Lesson 3: Victory in Europe, 1944–1945
Although the campaign in the Mediterranean was successful in forcing Italy out of the war, Allied military planners by late 1943 had concluded that it would not be enough to defeat Nazi Germany. As a result, priorities were shifted to an invasion of France across the English Channel. That invasion took place on the famous D-Day—June 6, 1944. Thereafter the Germans had to face not only the relentless onslaught of the Soviet Army from the East, but from British, American, and other allied forces from the West. During the same time, cities both in Germany and in German-occupied lands were subjected to intense aerial bombardment by U.S. and British aircraft. These bombing raids were designed to disrupt production of war materiel, divert German fighters from the Eastern and Western fronts, and undermine civilian morale.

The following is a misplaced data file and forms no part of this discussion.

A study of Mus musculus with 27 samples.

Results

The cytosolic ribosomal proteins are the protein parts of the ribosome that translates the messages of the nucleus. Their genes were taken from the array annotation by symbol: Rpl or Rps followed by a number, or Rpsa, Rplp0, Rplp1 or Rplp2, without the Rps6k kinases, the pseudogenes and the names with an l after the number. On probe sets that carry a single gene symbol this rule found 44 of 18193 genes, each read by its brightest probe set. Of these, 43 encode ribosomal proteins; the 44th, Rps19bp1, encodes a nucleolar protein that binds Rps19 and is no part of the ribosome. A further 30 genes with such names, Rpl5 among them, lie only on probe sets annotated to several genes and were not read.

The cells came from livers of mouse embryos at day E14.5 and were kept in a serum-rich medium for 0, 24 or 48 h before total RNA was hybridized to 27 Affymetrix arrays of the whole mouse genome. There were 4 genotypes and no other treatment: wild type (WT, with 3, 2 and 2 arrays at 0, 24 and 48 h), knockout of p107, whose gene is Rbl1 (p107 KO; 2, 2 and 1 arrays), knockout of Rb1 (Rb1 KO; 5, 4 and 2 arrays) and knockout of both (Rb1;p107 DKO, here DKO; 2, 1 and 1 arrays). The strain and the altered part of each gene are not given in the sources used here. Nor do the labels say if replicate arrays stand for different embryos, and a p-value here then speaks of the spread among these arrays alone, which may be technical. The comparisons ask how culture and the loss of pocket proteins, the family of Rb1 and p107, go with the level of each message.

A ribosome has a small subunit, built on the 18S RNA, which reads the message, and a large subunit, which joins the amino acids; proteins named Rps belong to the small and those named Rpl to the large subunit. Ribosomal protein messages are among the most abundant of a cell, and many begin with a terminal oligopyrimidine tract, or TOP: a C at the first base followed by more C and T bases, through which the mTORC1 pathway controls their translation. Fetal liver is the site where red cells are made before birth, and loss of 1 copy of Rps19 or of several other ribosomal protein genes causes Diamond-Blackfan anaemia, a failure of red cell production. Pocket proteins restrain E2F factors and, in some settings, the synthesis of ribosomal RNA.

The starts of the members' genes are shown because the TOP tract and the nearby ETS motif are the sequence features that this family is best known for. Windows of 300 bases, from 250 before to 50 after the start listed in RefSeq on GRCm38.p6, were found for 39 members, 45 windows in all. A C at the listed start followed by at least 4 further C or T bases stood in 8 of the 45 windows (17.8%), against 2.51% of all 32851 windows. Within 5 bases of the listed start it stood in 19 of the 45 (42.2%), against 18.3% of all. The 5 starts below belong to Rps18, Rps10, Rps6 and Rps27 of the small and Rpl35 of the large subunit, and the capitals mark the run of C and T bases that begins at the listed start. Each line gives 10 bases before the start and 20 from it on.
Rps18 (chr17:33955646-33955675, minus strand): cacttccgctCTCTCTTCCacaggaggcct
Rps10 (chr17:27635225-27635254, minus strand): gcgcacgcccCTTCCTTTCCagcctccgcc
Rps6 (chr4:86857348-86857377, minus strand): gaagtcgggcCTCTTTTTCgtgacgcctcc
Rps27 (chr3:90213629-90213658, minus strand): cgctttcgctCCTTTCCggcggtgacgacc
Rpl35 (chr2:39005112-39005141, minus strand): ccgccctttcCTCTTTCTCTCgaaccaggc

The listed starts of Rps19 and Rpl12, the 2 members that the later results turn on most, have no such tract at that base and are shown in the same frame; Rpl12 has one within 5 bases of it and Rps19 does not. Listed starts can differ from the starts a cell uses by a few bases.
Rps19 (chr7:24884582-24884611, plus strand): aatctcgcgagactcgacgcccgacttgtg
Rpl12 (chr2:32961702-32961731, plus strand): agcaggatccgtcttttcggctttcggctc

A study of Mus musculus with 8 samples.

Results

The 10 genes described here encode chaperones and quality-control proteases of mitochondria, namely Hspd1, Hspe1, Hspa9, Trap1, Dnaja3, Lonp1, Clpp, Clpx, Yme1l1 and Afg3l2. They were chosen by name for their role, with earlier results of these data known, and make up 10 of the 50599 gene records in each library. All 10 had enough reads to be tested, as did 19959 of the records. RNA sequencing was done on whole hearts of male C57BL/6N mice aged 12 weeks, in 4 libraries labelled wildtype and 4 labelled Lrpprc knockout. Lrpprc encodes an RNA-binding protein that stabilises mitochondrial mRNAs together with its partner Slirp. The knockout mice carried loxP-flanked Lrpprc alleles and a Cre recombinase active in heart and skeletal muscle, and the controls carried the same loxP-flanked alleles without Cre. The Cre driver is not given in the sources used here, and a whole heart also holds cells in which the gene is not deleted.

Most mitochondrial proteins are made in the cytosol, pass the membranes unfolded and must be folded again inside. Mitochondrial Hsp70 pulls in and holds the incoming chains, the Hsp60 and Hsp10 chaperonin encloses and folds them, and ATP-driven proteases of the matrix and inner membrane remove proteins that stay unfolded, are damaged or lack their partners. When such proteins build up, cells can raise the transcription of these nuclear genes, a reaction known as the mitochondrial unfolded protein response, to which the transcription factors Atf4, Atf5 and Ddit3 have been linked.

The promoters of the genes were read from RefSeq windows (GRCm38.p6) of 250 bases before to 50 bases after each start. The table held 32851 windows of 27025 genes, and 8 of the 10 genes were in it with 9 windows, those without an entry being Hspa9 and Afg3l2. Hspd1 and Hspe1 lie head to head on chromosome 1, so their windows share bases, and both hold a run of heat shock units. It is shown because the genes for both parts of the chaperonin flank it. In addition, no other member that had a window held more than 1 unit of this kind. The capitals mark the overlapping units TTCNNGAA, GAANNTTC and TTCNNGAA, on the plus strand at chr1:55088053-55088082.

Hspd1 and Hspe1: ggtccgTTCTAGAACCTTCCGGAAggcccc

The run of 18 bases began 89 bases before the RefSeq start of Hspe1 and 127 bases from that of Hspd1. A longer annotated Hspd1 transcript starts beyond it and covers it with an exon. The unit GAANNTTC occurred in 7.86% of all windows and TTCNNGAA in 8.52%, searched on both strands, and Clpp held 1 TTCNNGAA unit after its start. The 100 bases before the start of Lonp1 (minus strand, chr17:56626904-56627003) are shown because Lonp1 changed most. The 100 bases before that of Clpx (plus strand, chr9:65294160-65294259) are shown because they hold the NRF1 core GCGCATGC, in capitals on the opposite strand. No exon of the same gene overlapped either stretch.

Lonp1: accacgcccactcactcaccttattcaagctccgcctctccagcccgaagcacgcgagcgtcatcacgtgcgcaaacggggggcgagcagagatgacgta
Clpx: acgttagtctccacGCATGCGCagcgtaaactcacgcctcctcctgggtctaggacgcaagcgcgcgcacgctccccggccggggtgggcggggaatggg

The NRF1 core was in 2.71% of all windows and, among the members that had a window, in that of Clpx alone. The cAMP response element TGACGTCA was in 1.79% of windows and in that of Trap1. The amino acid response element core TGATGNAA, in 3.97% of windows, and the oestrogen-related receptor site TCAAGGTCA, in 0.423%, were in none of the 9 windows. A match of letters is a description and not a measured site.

This lesson plan will focus on the overall strategy pursued by the Allies in the final months of World War II in Europe. By examining military documents and consulting an interactive map of the European theater, students will learn why they chose to land at Normandy, and how the Allied offensive in the West contributed to Germany's defeat. Also, students will study the summary report of the United States Strategic Bombing Survey for Europe, allowing them to gauge the effectiveness of the bombing campaign against German cities.
How did the Allies manage to defeat and occupy Germany in 1944 and 1945?
Articulate the overall Allied strategy for 1944–1945, and to assess how successful it was.
Understand the importance of the Normandy invasion to the overall strategy.
Assess the effectiveness of the strategic bombing campaign against German cities.
Identify on a map locations that were important to the war in northern Europe.
Identify and explain the significance of the most important military engagements.